By Hindustan Times
With his chocolate-boy looks, most of the roles Imran Khan would portray until now were in romantic comedies: from Jaane Tu... Ya Jaane Na (2008) and I Hate Luv Storys (2010) to Mere Brother Ki Dulhan (2011) and Ek Main Aur Ekk Tu (2012).
But now, at 29, the actor finally seems to be moving into a new phase in his career. His next few films will have him playing significantly different characters.
In Milan Luthria’s Once Upon A Time In Mumbaai 2 (OUATIM 2), Imran plays a tapori (loafer), for which he has been interacting with people from the Mumbai’s underbelly. In Vishal Bhardwaj’s Matru Ki Bijlee Ka Mandola (MKBKM), he essays the role of a rustic boy from Haryana. Even in Tigmanshu Dhulia’s Milan Talkies, he will be seen as a small-town boy, a character that is diametrically opposite to his usual suave, urban roles.
Ask him about this new direction in his career and Imran replies, “You fit into certain kinds of roles when you are a certain age. I’ve always looked young for my age, but in the past couple of years, I’ve grown up a bit. So now directors see me in a different light. It has very little to do with my choices and more about the offers that are now coming my way.”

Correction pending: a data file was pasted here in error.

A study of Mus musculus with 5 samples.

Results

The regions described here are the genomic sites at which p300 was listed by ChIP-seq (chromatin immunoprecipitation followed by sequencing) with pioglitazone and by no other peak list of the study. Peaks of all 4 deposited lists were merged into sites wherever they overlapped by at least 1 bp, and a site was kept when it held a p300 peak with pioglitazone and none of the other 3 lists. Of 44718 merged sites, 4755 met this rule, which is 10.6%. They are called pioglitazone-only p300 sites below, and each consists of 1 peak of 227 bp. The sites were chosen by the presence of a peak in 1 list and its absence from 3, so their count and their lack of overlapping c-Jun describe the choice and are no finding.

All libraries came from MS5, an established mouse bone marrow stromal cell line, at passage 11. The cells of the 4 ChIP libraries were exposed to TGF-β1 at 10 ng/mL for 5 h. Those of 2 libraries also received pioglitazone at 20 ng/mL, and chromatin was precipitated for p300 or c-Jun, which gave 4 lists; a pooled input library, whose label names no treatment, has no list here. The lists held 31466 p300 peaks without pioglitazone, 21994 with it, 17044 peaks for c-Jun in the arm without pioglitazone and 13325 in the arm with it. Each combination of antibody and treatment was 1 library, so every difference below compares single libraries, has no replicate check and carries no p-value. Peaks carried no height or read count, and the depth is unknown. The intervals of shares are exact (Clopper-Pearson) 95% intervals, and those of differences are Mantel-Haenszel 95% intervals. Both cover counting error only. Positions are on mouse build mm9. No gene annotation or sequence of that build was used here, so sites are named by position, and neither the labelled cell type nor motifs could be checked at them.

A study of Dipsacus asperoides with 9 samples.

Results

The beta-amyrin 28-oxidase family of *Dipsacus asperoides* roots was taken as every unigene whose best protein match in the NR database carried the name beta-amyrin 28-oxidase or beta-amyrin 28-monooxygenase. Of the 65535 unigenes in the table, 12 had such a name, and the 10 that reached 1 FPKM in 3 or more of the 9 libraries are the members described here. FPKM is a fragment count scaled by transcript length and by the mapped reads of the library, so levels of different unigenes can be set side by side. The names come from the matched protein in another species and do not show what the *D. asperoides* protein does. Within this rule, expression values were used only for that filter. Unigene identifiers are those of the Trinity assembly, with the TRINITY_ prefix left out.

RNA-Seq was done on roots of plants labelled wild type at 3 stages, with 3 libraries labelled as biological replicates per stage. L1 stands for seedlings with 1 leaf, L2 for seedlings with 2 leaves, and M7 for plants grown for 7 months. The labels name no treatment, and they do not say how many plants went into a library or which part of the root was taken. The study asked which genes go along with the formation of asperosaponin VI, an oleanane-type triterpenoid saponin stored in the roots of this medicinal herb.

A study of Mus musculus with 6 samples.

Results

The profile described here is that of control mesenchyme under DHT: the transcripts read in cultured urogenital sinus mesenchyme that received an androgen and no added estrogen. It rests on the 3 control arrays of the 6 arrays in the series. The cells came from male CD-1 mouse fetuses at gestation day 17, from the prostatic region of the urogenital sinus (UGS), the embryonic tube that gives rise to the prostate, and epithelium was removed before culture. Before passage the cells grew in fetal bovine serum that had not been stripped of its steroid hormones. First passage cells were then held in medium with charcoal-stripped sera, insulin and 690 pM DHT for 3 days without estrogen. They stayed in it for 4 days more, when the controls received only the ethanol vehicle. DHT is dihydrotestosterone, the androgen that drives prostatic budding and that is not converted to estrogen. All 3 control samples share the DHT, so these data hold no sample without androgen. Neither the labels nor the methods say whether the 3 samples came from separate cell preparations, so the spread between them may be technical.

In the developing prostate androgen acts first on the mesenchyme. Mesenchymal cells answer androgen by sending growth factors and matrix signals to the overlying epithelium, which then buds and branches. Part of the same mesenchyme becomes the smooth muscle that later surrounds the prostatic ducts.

And how will working with such critically acclaimed directors affect his professional life? “The benefit is immeasurable. In fact, I feel more secure than ever in my career now, since I know someone is watching over me. Earlier, I worked with debut directors, so I always wondered if the films would work.” These directors are also known to be perfectionists. And Imran is prepared to put in the hard work required for the parts: he spent a month learning Haryanavi before he started shooting for MKBKM.
“Now, I’m comfortable with the language and I can even improvise when directed on set. As for OUATIM 2, it’s not only set in a certain area, but is also a period film. We have to make both the characters and the era look believable.”
Is he expecting these movies to be as massy as Rowdy Rathore or Dabangg (2009)? “All these films are different. Vishal’s are rustic, but the content isn’t just for single screen audiences. He tells stories of the heartland, but makes them acceptable to everyone.”